In brief
  • Facial Recognition Technology (FRT) is mainstream, with free apps. 
  • What’s possible is both incredible and disturbing. 
  • Privacy concerns and mistaken identity are major drawbacks to FRT. 
  • Major grocery chains are using FRT to stop crime. 
  • Police have FRT that can identify scars and tattoos. 
  • The Government has been slow to implement the necessary framework and guidelines to ensure the tech is used responsibly.

The future is now… 

PimEyes is a Polish company on the front edge of Facial Recognition Technology (FRT) that showcases how far (and unsettling) the tech has come. 

The free app allows users to scour the web for a person’s image based on a single image. From that you often have enough information to contact them.The privacy risks are serious. 

And that’s just one app. FRT has permeated into many aspects of everyday life from grocery shopping to police surveillance.  

The growing use of FRT

FRT, which uses artificial intelligence to identify individuals, is reaching new levels of sophistication and becoming more commonplace throughout New Zealand and the world. 

Here in NZ, Police have a new FRT system able to recognise scars and tattoos in addition to facial features. 

FRT is being used by major grocery chains in NZ in efforts to curb rising crime including assault and shoplifting. 

Many airports overseas use FRT instead of your ID for boarding and there’s talk of rolling out the technology to facilitate trans Tasman travel between NZ and Australia. 

A lack of framework to guide the use of FRT presents privacy concerns

Notably, Volker Türk, UN High Commissioner for Human Rights, has warned of the potentially negative impact of FRT. He cautioned against “mass surveillance of our public spaces, destroying any concept of privacy.”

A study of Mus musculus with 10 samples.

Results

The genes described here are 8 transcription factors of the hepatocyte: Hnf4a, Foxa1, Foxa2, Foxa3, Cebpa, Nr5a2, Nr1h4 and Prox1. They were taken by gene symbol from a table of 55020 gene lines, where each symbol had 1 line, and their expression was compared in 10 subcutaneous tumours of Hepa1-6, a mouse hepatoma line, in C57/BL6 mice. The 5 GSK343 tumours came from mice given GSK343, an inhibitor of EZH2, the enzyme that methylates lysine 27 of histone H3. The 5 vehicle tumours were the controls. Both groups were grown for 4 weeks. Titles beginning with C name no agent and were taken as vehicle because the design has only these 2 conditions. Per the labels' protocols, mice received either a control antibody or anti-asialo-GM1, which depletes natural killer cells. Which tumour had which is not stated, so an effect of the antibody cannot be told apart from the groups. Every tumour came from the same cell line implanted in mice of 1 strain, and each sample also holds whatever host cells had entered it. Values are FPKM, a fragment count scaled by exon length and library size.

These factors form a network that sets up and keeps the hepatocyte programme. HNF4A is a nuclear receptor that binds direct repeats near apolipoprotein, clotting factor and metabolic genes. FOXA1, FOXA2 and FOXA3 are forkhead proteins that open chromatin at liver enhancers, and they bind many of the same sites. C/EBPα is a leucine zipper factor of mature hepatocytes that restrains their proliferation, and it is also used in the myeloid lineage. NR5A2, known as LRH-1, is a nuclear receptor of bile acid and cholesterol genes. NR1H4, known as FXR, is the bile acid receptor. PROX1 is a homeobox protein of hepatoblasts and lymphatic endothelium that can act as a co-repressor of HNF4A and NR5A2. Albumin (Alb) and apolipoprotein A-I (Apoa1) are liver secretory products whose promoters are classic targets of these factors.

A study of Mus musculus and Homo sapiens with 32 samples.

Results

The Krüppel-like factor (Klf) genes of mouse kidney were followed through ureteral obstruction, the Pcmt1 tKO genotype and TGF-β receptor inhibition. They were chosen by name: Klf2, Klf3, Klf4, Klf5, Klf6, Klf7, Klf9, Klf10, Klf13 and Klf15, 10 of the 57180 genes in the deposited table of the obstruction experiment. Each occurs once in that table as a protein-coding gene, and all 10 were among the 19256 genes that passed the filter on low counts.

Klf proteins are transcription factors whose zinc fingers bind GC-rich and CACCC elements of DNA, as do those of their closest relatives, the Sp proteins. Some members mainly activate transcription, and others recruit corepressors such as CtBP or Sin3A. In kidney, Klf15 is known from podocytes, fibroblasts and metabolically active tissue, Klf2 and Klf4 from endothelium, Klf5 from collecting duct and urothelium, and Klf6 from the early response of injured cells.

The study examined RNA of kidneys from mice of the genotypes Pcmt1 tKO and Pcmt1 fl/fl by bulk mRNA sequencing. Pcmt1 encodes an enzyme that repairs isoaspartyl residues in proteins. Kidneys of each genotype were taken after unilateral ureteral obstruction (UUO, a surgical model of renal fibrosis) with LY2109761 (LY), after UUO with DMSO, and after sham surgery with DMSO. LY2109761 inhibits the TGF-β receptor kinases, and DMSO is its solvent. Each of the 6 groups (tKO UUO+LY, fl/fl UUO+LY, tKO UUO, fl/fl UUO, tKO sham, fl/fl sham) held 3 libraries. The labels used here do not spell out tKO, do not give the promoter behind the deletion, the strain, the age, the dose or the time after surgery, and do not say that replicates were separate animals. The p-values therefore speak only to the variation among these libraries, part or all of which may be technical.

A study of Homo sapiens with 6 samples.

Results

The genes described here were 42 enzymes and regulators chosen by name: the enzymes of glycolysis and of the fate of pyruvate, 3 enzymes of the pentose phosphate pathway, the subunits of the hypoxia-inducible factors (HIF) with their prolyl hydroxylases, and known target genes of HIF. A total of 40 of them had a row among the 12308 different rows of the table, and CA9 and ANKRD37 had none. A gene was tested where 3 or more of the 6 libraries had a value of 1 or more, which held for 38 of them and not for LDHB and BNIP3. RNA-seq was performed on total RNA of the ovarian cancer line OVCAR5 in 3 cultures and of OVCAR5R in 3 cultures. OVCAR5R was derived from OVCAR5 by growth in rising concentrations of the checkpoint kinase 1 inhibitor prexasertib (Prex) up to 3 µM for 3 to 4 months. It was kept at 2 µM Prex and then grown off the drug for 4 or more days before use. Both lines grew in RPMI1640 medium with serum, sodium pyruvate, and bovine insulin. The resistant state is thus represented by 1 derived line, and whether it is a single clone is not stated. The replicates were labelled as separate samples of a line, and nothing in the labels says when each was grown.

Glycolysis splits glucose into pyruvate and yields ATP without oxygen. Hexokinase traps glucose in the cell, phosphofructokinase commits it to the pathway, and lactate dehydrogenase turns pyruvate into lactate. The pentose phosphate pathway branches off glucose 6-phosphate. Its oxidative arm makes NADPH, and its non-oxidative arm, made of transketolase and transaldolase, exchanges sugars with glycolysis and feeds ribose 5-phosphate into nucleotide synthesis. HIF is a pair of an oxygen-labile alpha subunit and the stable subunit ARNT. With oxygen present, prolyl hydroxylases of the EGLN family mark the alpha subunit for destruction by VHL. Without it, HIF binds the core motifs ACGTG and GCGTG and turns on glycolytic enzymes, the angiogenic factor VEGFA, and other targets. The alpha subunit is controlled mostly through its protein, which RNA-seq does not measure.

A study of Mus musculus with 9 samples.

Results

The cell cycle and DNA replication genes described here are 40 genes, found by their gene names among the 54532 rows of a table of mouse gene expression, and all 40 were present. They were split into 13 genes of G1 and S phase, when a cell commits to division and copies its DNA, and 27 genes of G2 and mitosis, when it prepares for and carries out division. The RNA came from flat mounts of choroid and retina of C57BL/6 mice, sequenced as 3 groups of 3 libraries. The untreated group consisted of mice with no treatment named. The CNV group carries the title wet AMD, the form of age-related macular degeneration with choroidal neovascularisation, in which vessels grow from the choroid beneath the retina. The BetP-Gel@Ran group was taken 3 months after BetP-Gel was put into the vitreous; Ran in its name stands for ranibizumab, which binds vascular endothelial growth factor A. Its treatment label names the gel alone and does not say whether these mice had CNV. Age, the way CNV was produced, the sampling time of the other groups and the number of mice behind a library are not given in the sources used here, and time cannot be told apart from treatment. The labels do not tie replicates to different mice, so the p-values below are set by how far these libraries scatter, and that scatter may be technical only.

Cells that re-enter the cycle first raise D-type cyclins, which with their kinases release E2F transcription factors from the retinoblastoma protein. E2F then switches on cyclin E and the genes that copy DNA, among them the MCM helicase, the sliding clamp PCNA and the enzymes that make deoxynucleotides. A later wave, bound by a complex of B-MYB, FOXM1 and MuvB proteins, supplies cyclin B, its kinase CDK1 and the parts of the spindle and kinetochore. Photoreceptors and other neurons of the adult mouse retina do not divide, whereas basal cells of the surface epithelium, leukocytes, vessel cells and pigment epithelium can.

In New Zealand, Police are not using FRT to scan live footage. Instead, they’re using it to run checks against databases of photographs in attempts to find a match. 

The issue is that Police are using FRT without a formal framework guiding its use despite being urged to put one in place  in order to avoid being seen as “cavalier” about oversight. 

Michael Webster, NZ’s Privacy Commissioner, has raised concerns about the use of the technology through a Privacy Impact Assessment (PIA) issued prior to the technology being introduced. The PIA made seven recommendations including limiting access to who would use the technology. 

However, the rollout has commenced without all the recommendations being fully implemented. 

In an article for the Herald, Thomas Beagle, chairman of  the NZ Council for Civil Liberties, said it suggests a disconnect between those who wrote the policy for the systems and those who put the systems in place.

A joint research project called Facial Recognition Technology in New Zealand: Towards a legal and ethical framework makes several recommendations to reign in unchecked use of FRT by the Government in an effort to prevent abuse. 

I’ve got nothing to hide so what’s the problem? 

There have been several incidents  of people being wrongly convicted for crimes they didn’t commit because of an overreliance on FRT. The costs to individuals dragged through the court system can be massive in money, time, and reputation. 

The use of FRT is a valuable tool to recognise threats, but it raises the age old question “Who watches the watchers?”